Dear Student of the Word,
We began our study of Paul's letters to the Thessalonians two weeks ago, and here is the second installment of that study. These letters are short but they indicate a strong bond of love that existed between Paul and the churches he planted. These two letters contain some excellent advice and teaching that the modern church would do well to heed. This week I wrote in part six of this seven-part study:
Study Two, Part Six
3 It is God's will that you should be sanctified: that you should avoid sexual immorality; 4 that each of you should learn to control his own body in a way that is holy and honorable, 5 not in passionate lust like the heathen, who do not know God; 6 and that in this matter no one should wrong his brother or take advantage of him.
4:3 – When you study Proverbs, you realize just how much of the first chapters talk about sexual purity and adultery. See for yourself by going to Proverbs 2:16-19; Proverbs 5; Proverbs 6:20-35; and Proverbs 7. As you read, notice how often the phrase “my son” appears. It seems that sexual guidelines and rules are best imparted in a family platform and not one provided by schools, government or social agencies.
In your family, how often do you talk about sex? If the wise king Solomon saw fit to devote that much space to “sex talk” in his Proverbs wisdom literature, then we would do well to follow his wisdom and do the same.
Yet we must be realistic concerning this present age. The world is saturated with sex through television, DVDs and the Internet. It is almost impossible not to encounter something sexual every day. So the Church must be prepared that new converts will most probably have a sexual history, much as the Corinthian church and believers did. This will mean that the Church must be more open to talking about God’s view of sex and much more patient with those who are being delivered from a sexually open lifestyle.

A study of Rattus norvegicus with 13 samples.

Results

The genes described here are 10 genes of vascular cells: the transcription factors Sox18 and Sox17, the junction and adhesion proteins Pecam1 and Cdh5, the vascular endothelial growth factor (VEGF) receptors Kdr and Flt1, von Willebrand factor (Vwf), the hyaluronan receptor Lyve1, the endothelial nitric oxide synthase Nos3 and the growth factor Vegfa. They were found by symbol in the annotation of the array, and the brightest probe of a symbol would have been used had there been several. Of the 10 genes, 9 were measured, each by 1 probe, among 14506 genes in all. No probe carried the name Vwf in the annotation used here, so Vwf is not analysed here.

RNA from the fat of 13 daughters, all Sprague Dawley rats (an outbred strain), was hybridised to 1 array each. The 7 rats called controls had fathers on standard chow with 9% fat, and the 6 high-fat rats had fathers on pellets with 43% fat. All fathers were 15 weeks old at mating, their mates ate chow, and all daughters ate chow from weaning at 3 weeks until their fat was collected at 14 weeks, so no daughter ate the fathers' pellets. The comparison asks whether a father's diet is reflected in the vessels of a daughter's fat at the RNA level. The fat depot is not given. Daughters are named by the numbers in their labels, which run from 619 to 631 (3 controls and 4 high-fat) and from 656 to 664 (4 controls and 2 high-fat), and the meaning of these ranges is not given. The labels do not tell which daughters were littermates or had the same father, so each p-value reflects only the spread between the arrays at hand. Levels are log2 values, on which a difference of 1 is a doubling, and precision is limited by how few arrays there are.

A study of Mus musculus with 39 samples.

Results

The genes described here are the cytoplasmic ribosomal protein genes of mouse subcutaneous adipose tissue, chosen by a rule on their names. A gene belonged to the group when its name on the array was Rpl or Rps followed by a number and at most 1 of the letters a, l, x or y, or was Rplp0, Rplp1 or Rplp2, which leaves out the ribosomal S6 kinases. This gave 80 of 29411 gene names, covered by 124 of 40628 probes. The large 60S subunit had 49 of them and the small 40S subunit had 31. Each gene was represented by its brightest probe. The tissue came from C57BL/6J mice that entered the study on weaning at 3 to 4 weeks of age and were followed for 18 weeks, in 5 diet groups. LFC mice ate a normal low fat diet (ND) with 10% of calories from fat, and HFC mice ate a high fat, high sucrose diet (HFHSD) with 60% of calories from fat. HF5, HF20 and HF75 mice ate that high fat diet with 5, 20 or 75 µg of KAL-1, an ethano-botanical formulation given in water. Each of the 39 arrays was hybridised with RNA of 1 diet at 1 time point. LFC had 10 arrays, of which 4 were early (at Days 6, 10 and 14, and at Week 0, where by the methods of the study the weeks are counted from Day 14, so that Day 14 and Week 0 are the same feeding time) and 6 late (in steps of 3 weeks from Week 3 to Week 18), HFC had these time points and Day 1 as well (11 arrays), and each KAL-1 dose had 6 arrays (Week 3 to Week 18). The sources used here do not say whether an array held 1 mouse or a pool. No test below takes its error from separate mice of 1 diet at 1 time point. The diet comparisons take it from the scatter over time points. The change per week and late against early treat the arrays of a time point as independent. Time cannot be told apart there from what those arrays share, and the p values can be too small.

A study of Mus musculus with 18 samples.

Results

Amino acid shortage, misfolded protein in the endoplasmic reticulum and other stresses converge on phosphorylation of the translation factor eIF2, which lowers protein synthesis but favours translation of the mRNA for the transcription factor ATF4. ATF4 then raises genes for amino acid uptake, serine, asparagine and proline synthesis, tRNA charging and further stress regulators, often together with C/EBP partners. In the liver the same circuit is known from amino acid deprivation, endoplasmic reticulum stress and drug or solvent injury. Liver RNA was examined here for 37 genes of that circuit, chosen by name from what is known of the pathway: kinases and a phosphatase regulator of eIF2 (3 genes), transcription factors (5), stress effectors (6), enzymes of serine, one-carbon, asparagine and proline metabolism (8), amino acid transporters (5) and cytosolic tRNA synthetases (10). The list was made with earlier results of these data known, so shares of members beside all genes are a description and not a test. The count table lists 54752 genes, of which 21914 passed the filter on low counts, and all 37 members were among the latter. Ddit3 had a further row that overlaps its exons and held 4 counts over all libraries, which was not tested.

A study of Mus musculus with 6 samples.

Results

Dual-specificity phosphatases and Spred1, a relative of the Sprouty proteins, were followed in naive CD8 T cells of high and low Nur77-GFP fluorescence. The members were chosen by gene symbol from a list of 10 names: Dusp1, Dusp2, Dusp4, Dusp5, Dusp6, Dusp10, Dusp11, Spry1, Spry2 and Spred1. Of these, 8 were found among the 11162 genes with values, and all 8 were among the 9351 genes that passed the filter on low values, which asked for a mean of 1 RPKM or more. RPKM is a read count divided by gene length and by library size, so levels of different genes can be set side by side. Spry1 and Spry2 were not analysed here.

Every local church should have some ministry to those who are addicted to sex or pornography, or at least know where people can get help. That means that the Church must provide a more open environment where those who have problems can come forward—not before the whole church, but appointed or designated counselors who are equipped and anointed to help them. Acceptance without judgment should be the rule for those who are working with people who have sexual problems or sins.
4:4&5 – What was recommended in the verse above must include the discussion and outreach to homosexuals, both male and female. Modern culture portrays this lifestyle as normal or at least acceptable. We must teach people what God’s will is for their body where sex is concerned and then help them walk out those truths. There is no easy way to do this. We must utilize the pulpit, small groups, counselors, support groups and writers to do a much better job than we have done to help those with sexual sins.
And we must realize that pastors and leaders aren’t exempt from the onslaught. We must overcome our tendency to be shocked when anyone, even leaders, becomes entrapped by sexual sin. If they repent and want help, then we should provide it for them without judgment. Too many good men have been forced to resign or flee because they made a mistake or were ensnared. Now, some men have broken the law with minors and members of the flock. They must suffer the consequences of their sins legally and if, they refuse to repent, be shunned and removed from the church body. But how many could have been helped before it got so serious if the Church was more open to helping those with sexual problems, especially leaders?
4:6a – When sexual problems involve members of the church being involved with one another, then that presents another set of problems. This requires a special type of counseling that the church should provide for the members, even if the church has to fund such counseling. The goal here would be restoration and forgiveness. How this would occur would be different for each situation and those wronged or guilty may never resume a normal life in the church where they sinned. But they can resume a normal life somewhere if the church does it job and God provides the grace. Is this too idealistic? Do you agree or disagree?
As always, I welcome your comments to this week's study. For additional Bible studies, check out my website archive, which contains a complete collection of all my verse-by-verse New Testament studies, along with the unpublished volume of The Faith Files.